By Nick Perry

Associated Press

Published: Friday, April 4 2014 9:21 a.m. MDT

The area where crews are looking for the devices lies within a larger 217,000-square-kilometer (84,000-square-mile) search zone that 14 planes and nine ships crisscrossed Friday in the hopes of spotting debris on the ocean surface. The search zone is about 1,700 kilometers (1,100 miles) northwest of the Australian west coast city of Perth.

Fourteen aircraft and 11 ships were involved in Friday's search activities in the greater search areas, the coordination agency said. Ships sighted a number of objects in the area but none were associated with the missing plane, the agency said.

The search area has shifted each day, as the investigative team continues to analyze what little radar and satellite data is available while factoring in where any debris may have drifted due to ocean currents and weather.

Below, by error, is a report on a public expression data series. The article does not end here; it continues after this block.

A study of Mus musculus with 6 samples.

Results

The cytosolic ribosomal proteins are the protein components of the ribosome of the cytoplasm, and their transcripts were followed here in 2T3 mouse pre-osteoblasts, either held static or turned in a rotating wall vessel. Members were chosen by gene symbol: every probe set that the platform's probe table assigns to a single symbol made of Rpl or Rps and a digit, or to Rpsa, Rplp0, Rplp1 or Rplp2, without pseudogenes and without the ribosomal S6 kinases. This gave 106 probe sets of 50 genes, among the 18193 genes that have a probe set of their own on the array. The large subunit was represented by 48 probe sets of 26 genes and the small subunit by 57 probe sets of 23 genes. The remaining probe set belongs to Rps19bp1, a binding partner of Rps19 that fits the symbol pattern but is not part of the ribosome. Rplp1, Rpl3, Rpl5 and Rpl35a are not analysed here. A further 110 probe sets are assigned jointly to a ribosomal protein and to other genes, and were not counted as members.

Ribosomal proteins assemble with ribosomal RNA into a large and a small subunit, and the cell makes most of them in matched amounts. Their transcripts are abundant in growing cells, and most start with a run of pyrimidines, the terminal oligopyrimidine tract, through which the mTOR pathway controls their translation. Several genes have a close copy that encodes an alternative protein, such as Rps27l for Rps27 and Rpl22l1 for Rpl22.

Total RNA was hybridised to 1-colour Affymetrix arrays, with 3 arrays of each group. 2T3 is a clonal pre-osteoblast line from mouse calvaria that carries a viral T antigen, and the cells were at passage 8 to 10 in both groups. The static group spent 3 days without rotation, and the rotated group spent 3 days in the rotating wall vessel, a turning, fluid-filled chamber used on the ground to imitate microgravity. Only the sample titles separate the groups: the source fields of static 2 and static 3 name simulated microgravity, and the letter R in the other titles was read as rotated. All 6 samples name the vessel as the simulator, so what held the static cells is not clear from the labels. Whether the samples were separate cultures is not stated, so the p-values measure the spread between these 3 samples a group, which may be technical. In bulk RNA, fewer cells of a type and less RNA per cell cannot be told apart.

Australia is coordinating the ocean search, and the investigation into the plane's disappearance is ultimately Malaysia's responsibility. Australia, the U.S., Britain and China have all agreed to be "accredited representatives" of the investigation.

Four Australian investigators were in Kuala Lumpur to help with the investigation and ensure information on the aircraft's likely flight path is fed back to search crews, Houston said. The two countries are still working out who will be in charge of analyzing any wreckage and flight recorders that may be found.

Associated Press writers Eileen Ng and Gillian Wong in Kuala Lumpur, Malaysia, Rod McGuirk in Canberra, Australia, and Kristen Gelineau and Rohan Sullivan in Sydney contributed to this report.